High court to take look at religion

November 30, 1993|By Lyle Denniston | Lyle Denniston,Washington Bureau

WASHINGTON -- Promising a new round in one of the most enduring constitutional controversies, the Supreme Court agreed yesterday to consider reducing the high legal wall it has maintained for 22 years between religion and government.

In a brief order in a New York case, the court accepted an invitation to review afresh the strict limits it has imposed for years on public support for religious groups. Those limits were fashioned by the court in a 1971 case involving public salary subsidies for parochial school teachers.

But the doctrine has been under increasing challenge within the court itself as some justices -- especially Antonin Scalia -- have argued that it be overruled and replaced by a relaxed rule that lets government take a variety of steps to accommodate religion.

Under the approach the court has been taking since 1971, official aid to religion is unconstitutional if it promotes religion or a particular faith, or if it lets government and religion become "entangled."

New York's highest state court, in a decision last summer, used one part of that formula to strike down a 1989 state law that created a new public school district that serves only about 200 disabled children in a religious community -- the Satmar Hasidic village of Kiryas Joel in Monroe, N.Y.

That law, the state court said, set up "a symbolic union" of government and religion, making it appear that the government endorses the Satmar Hasidic community's religious choices and disapproves of other faith preferences.

The community lives a life separate from the remainder of the residents of Monroe, speaking primarily Yiddish, educating boys and girls separately in parochial schools, and banning television.

When the existing school district refused to continue educating disabled Hasidic pupils in a separate building on the grounds of the Satmar parochial schools, the religious community asked the state legislature for a school district of its own that could qualify for state education aid for the disabled.

The legislature carved out a special district to function solely within the religious community, but the constitutionality of that was challenged in state courts.

In three separate appeals, the Supreme Court was asked not only to let the community keep its separate school district but also to reconsider the formula that the court has used repeatedly to keep government and religion separated.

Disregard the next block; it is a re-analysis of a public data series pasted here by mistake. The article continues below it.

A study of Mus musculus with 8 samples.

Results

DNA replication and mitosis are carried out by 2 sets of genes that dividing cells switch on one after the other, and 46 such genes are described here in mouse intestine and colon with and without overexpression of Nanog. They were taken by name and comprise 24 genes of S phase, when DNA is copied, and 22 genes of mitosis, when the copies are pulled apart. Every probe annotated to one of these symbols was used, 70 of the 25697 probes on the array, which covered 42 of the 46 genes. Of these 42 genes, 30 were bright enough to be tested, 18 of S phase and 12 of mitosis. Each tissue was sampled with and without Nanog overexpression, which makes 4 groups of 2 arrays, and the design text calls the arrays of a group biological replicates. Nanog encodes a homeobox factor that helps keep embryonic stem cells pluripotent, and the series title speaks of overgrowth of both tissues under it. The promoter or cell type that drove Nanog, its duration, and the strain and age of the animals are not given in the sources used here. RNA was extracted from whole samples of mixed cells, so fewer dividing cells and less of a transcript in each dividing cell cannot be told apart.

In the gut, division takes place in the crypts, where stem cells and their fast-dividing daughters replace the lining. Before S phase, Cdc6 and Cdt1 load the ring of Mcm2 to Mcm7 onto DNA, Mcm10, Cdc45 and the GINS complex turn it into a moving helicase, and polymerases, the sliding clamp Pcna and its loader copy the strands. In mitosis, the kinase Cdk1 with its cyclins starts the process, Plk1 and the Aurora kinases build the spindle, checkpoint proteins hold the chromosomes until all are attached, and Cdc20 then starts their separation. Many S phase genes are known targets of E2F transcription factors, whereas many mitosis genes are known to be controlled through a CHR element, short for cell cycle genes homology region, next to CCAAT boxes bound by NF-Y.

Five of the current justices have objected publicly to that formula as too restrictive, but those five have never agreed on how to get rid of the formula, or on what to put in its place. In the past two terms, for example, the court faced three separate cases that tested the formula but wound up deciding all three without dealing with the formula as a main issue. It has the option of doing that again in the New York case, of course.

In June, one of those five, Justice Scalia, likened the formula to a ghost that periodically reappears after supposedly being put to death by the justices' criticism.

The formula is known among lawyers and judges as "the Lemon test," taken from one of the names in the 1971 ruling in which it originated.

The Supreme Court is expected to issue a final decision in the new case by next summer. The case will provide an initial test of the constitutional views on religion of the new justice, Ruth Bader Ginsburg.

In other order issues yesterday, the court:

* Agreed to decide whether federal judges have the power to postpone the execution of Death Row inmates long enough to name court-appointed lawyers to challenge a conviction and death sentence. That issue arises in a Texas murder case.

* Left intact a federal appeals court decision that requires colleges to take strong steps to assure that women have equal opportunity to have intercollegiate teams of their own. The case involved a federal judge's order requiring Colorado State University to keep its women's softball team, which was dropped for budget reasons.

* Left undisturbed a $4.3 million jury verdict won by a New York City subway mugger who was paralyzed when a transit system policeman shot him as he ran away from the scene of the crime. A jury ruled that the officer used excessive force to stop the fleeing suspect, who was not armed.

* Agreed to rule on the federal government's right to sue a law firm for wrongdoing in handling the legal affairs of a savings institution that has gone broke and has been taken over by a federal thrift-regulating agency. The issue arises in an appeal by a major Los Angeles-based law firm, O'Melveny & Myers.

* Cleared the way for imprisoned presidential candidate Lyndon H. LaRouche Jr. to collect about $100,000 in federal campaign subsidies despite the Federal Election Commission's conclusion that he has repeatedly used such subsidies fraudulently. A federal appeals court ruled that the law makes it clear that a candidate who promises to use the funds legally is entitled to them even if they are later misused. LaRouche, who has been running for the presidency since 1976, has been convicted and jailed for 15 years for a series of federal crimes based on his campaign fund-raising tactics.